While spectators enjoyed a free food truck and Cornell tennis merchandise among other senior day fanfare, No. 40 men’s tennis (17-5, 4-2 Ivy) got down to business, looking to finish its home season strong against Brown (13-16, 0-6 Ivy) and Yale (10-12, 1-5 Ivy) over the weekend.
Much of the attention was on senior Vladislav Melnic, who finished off a Cornell career that included a deep NCAA tournament run. Nevertheless, Cornell still needed to take care of business as a team in a home series with major implications for the Ivy League standings.
On Saturday, the Red faced off against Brown. The Bears came in as the last-place team in a very strong Ivy League, but couldn’t be overlooked, especially as Cornell was without sophomore No. 77 Radu Papoe, who has been the team’s strongest singles player this season.
Papoe’s absence also shook up the struggling Cornell doubles lineup, who faced off against a strong platoon from Brown. Junior Samuel Paquette and freshman Petar Teodorovic, who have struggled significantly at third doubles this season, took their match, 6-3, before Brown tied the contest with a win at No. 1. The match at second doubles was never finished, leading to neither team being awarded the doubles point.
Entering singles with a clean slate, Cornell’s superiority was apparent. Every player had to play one slot higher in the lineup than usual without Papoe to hold down No. 1, and most responded accordingly.
Teodorovic, Paquette, sophomore Adit Sinha and freshman Aman Sharma cruised, taking their matches in straight sets. Melnic’s match went down the wire, but he ultimately lost a tight three setter in a tiebreak. Following a retirement from sophomore Nathan Mao, Cornell took the match, 4-2.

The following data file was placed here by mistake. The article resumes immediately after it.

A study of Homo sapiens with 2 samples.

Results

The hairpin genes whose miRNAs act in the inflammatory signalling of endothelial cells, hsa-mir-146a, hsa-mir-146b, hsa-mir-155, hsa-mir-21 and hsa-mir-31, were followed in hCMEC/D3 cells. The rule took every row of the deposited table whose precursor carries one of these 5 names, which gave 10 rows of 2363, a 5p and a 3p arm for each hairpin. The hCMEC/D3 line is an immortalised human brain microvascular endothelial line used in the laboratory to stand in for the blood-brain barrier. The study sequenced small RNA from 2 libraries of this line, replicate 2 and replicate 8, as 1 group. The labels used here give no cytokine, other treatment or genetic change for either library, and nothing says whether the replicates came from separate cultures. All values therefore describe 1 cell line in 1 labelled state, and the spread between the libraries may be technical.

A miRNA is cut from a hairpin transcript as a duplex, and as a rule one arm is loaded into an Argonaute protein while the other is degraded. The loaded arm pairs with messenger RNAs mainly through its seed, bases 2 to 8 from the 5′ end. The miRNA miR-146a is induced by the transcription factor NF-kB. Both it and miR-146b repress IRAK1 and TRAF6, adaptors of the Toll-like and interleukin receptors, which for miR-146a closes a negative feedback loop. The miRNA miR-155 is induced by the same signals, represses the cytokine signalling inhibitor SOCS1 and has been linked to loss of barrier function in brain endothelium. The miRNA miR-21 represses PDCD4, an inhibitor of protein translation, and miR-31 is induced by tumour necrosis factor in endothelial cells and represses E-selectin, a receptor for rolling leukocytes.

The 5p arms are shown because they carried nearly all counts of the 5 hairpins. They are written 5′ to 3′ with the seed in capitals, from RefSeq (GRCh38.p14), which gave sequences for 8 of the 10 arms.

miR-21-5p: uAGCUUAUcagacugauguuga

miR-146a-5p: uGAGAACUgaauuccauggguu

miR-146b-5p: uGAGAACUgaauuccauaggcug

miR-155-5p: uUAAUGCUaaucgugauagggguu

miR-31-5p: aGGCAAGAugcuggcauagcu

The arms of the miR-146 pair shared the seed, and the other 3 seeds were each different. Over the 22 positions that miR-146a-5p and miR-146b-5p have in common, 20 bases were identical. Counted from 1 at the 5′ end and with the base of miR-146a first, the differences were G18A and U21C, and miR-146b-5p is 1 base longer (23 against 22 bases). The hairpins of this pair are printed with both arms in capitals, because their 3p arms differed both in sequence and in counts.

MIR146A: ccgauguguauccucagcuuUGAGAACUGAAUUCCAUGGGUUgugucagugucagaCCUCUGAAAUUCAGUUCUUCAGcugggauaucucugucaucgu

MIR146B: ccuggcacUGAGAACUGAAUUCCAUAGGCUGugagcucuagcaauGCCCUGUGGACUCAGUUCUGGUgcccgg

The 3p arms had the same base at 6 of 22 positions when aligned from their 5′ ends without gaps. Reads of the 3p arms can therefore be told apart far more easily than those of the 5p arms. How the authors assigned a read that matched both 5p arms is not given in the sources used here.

Saturday’s victory over Brown made Sunday’s match crucial — a win, and Cornell could finish no worse than fourth in the Ivy League. Papoe was once again absent in doubles, but his teammates picked up the slack.
Mao and Sinha won a tight first doubles matchup in a tiebreak, before Melnic and Sharma fell at No. 3. Second doubles was a nail biter, with Teodorovic and Paquette falling behind early before battling back to force a tiebreak.
The tiebreaker system — which incentivizes consistent play and aggressive serving — favored Cornell. The Red came out on top, taking the doubles point.
Using the momentum from doubles and running with it, the Red’s singles was nothing short of dominant. Every Cornell athlete won their first set, and after quick second set victories by Mao, Teodorovic and Melnic, the match was mathematically clinched in Cornell’s favor.
The teams elected to play out the rest of the matches, and following a retirement by Paquette, Sinha and Papoe made short work of their opponents to end the match, 6-1.
Much of the weekend was about Melnic, who finished his home career strong despite a disappointing season. The Romanian is a beloved figure throughout the Cornell tennis community, and has been hugely impactful in the team’s success over recent years. After his time at Cornell, Melnic hopes to pursue a career in consulting, finance or real estate.
The team will wrap up its regular season with a marquee away matchup against No. 13 Columbia (14-8, 4-3 Ivy) next Saturday, April 29 at 1 p.m.